David R. Hardoon via comp-bio%40net.bio.net (by D.Hardoon from cs.ucl.ac.uk)
Thu Oct 2 00:51:46 EST 2008

Apologies if multiple copies are received.

Call for Papers:





24 Oct 08 Submission deadline for extended abstracts
28 Oct 08 Notification of acceptance
13 Dec 08 Workshop at NIPS 08, Whistler, Canada


While the machine learning community has primarily focused on  
analysing output of a single data source, there has been relatively  
few attempts to develop a general framework, or heuristics, for  
analysing several data sources in terms of a shared dependency  
structure. Learning from multiple data sources  (or alternatively, the  
data fusion problem) is a timely research area.  Due to the increasing  
availability and sophistication of data recording techniques and  
advances in data analysis algorithms, there exists many scenarios in  
which it is necessary to model multiple, related data sources, i.e. in  
fields such as bioinformatics, multimodal signal processing,  
information retrieval etc. The relevance of this research area is  
inspired by the human brain's ability to integrate five different  
sensory input streams into a coherent representation of its environment.

The open question is to find approaches to analyse data which consists  
of more than one set of observations (or view) of the same phenomenon.  
In general, existing methods use a discriminative approach, where a  
set of features for each data set is found in order to explicitly  
optimise some dependency criterion. Existing approaches include  
canonical correlation analysis (Hotelling, 1936), a standard  
statistical technique for modeling two data sources, and its multiset  
variation (Kettenring, 1971) which find linearly correlated features  
between data sets, and kernel variants (Lai and Fyfe, 2000; Bach and  
Jordan, 2002; Hardoon et al., 2004) and approaches that optimise the  
mutual information between extracted features (Becker, 1996; Chechik  
et al., 2003).  However, discriminative approaches may be ad hoc,  
require regularisation to ensure erroneous shared features are not  
discovered, and it is difficult to incorporate prior knowledge about  
the shared information. Generative probabilistic approaches address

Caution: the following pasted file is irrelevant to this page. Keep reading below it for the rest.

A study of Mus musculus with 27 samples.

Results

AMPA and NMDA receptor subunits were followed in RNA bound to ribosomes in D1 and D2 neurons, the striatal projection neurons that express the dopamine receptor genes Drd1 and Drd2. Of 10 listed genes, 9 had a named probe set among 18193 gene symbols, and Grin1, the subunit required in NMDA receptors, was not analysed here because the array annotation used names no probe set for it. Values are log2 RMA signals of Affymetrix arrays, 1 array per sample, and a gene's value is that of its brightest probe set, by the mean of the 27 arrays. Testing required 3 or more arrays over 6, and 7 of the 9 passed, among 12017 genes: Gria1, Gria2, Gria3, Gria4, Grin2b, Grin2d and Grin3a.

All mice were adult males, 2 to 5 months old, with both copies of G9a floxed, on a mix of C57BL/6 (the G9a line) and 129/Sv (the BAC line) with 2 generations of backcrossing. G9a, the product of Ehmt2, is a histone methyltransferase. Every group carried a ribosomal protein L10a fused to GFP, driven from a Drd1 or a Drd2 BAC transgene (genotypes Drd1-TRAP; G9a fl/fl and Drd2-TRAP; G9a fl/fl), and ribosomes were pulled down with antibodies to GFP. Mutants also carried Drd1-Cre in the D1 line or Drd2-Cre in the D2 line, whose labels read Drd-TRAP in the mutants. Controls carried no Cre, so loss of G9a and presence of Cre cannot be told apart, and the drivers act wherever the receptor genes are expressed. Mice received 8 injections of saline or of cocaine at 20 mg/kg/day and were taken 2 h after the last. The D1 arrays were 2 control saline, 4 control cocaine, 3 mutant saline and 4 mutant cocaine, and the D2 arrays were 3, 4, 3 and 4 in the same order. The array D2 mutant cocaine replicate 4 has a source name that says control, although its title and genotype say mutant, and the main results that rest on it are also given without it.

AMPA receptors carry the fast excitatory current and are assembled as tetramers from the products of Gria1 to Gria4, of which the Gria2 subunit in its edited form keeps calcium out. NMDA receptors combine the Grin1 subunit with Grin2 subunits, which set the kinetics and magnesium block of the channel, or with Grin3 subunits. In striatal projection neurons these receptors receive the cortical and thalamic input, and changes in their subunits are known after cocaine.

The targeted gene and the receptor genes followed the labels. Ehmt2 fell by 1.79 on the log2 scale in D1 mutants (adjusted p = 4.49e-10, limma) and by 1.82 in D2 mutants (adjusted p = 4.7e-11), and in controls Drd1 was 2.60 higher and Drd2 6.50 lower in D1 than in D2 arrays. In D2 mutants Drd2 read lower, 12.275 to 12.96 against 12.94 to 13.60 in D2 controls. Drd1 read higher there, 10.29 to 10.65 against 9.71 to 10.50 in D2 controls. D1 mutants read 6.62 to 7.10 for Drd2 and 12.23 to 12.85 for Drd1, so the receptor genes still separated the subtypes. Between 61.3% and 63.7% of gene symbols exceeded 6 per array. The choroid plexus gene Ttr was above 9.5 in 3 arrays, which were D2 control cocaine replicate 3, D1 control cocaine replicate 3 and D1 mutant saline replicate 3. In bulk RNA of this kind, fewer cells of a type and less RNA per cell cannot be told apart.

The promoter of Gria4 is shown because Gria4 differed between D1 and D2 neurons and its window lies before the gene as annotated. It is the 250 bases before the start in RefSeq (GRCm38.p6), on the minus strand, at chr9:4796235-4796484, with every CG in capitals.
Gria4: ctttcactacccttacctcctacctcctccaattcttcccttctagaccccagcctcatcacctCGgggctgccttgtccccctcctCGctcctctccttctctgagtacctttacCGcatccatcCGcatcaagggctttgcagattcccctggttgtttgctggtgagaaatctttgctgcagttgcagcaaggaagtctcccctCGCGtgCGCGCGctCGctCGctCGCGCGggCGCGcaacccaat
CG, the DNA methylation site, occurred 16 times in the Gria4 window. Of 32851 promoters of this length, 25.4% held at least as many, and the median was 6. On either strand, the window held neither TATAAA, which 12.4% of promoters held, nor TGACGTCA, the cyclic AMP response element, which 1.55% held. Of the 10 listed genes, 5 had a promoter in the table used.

this problem by jointly modeling each data stream as a sum of a shared  
component and a 'private' component that models the within-set  
variation (Bach and Jordan, 2005; Leen and Fyfe, 2006; Klami and  
Kaski, 2006).

These approaches assume a simple relationship between (two) data  
sources, i.e.assuming a so-called 'flat' data structure where the data  
consists of N independent pairs of related data variables; whereas in  
practice, related data sources may exhibit extremely complex co- 
variation (for instance, audio and visual streams related to the same  
video). A potential solution to this problem could be a fully  
probabilistic approach, which could be used to impose structured  
variation within and between data sources. Additional methodological  
challenges include determining what is the 'useful' information we are  
trying to learn from the multiple sources and building models for  
predicting one data source given the others. As well as the  
unsupervised learning of multiple data sources detailed above, there  
is the closely related problem of multitask learning (Bickel et al.,  
2008), or transfer learning, where a task is learned from other  
related tasks.


The aim of the workshop is to promote discussion amongst leading  
machine learning and applied researchers about learning from multiple,  
related sources of data, with a focus on both methodological issues  
and applied research problems.

Topics of the workshop include (but not limited to):
- unsupervised learning (generative / discriminative modeling) of  
multiple related data sources
- canonical correlation analysis-type methods
- data fusion for real world applications, such as bioinformatics,  
sensor networks, multimodal signal processing, information retrieval
- multitask /transfer learning
- multiview learning


Prof. Michael Jordan
University of California, Berkeley

Dr. Francis Bach
École normale supérieure

Dr. Tobias Scheffer
Max-Planck-Institut fur Informatik


David R. Hardoon 		(University College London)
Gayle Leen 				(Helsinki University of Technology)
Samuel Kaski 			(Helsinki University of Technology)
John Shawe-Taylor 		(University College London)


Andreas Argyriou		(University College London)
Tom Dieithe 			(University College London)
Colin Fyfe			(University of the West of Scotland)
Jaakko Peltonen		(Helsinki University of Technology)


We invite the submission of high quality extended abstracts (2 to 4  
pages) in the NIPS style http://nips.cc/PaperInformation/StyleFiles.  
Abstracts should be sent (in .pdf/.ps) to D.Hardoon from cs.ucl.ac.uk, gleen from cis.hut.fi 

A selection of the submitted abstracts will be accepted as either an  
oral presentation or poster presentation. The best abstracts will be  
considered for extended versions in the workshop proceedings, and  
possibly as a special issue of a journal.